The name “Open Middle” might sound like a strange name for a website about math problems. However, it references a very specific type of problem we try to encourage here. Most of the problems on this site have:

- a “closed beginning” meaning that they all start with the same initial problem.
- a “closed end” meaning that they all end with the same answer.
- an “open middle” meaning that there are multiple ways to approach and ultimately solve the problem.

Open middle problems generally require a higher Depth of Knowledge than most problems that assess procedural and conceptual understanding. They support the Common Core State Standards and provide students with opportunities for discussing their thinking.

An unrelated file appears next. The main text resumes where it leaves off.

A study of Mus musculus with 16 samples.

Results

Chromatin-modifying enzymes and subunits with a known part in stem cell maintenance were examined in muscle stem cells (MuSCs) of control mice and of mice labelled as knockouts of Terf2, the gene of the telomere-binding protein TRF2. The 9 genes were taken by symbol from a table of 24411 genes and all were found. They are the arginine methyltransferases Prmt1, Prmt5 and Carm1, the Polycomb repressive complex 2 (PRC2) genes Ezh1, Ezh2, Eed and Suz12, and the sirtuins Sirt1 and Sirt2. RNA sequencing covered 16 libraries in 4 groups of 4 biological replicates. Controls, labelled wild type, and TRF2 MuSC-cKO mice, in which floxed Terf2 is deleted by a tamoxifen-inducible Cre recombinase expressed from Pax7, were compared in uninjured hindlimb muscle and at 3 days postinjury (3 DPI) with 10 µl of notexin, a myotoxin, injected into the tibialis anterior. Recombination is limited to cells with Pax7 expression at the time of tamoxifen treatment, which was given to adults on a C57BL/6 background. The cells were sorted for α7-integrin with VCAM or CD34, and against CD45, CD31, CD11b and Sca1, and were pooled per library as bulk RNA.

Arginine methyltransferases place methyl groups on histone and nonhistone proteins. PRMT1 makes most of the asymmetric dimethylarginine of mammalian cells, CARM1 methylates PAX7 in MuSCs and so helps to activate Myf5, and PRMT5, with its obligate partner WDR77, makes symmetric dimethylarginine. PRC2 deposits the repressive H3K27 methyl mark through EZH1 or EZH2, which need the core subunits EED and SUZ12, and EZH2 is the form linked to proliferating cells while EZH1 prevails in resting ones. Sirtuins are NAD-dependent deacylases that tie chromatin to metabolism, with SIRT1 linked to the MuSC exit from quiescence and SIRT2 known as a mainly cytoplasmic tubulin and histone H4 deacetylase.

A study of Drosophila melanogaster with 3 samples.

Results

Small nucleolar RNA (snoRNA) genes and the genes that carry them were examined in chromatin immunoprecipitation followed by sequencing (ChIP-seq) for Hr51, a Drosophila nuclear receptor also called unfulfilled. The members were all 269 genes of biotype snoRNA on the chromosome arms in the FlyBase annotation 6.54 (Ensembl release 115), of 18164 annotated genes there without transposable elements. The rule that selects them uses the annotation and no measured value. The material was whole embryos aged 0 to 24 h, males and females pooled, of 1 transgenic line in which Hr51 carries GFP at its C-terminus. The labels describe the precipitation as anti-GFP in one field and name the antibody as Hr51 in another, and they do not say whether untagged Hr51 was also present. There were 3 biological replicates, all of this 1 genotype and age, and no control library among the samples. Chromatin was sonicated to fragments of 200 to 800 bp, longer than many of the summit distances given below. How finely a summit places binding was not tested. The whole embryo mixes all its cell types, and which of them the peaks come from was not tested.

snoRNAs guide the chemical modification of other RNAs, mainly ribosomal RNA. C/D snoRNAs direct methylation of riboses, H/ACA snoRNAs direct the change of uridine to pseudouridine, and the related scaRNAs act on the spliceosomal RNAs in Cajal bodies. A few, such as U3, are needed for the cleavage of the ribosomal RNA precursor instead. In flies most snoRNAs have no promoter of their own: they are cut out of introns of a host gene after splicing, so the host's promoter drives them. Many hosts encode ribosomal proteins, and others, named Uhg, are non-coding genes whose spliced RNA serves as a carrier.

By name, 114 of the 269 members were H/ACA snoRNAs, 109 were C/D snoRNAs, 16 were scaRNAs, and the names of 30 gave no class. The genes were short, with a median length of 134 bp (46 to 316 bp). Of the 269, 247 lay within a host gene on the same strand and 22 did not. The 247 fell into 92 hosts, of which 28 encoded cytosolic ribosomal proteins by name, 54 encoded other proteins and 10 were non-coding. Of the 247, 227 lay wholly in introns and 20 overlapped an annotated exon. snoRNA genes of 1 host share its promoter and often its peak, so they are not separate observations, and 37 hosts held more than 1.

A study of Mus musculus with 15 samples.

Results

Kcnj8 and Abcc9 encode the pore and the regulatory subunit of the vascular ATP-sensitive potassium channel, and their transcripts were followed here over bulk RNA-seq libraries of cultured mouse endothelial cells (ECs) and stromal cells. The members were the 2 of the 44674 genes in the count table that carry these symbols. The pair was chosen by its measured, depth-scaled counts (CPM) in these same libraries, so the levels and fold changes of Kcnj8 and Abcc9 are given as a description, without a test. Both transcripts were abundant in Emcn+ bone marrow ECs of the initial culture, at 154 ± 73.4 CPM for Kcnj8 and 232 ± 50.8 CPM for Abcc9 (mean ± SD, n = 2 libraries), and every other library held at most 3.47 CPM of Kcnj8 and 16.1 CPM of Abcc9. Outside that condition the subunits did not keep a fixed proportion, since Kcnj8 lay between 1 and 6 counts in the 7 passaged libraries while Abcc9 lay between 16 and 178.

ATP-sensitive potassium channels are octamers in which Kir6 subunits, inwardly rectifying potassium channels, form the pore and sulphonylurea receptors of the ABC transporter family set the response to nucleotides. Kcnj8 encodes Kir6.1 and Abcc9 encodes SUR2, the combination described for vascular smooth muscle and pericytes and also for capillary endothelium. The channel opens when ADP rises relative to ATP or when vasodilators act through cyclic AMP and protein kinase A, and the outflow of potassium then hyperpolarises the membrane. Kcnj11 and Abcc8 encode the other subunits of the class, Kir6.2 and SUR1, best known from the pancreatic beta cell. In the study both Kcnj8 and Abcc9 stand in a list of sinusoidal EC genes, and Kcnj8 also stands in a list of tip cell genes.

Some additional characteristics of open middle problems include:

- They generally have multiple ways of solving them as opposed to a problem where you are told to solve it using a specific method. Example
- They may involve optimization such that it is easy to get an answer but more challenging to get the best or optimal answer. Example
- They may appear to be simple and procedural in nature but turn out to be more challenging and complex when you start to solve it. Example
- They are generally not as complex as a performance task which may require significant background context to complete. Example

We hope you enjoy these problems. Please be sure to send us any ideas for problems we can add.

Nanette Johnson, Robert Kaplinsky, Bryan Anderson, Dan Luevanos, and Zack Miller.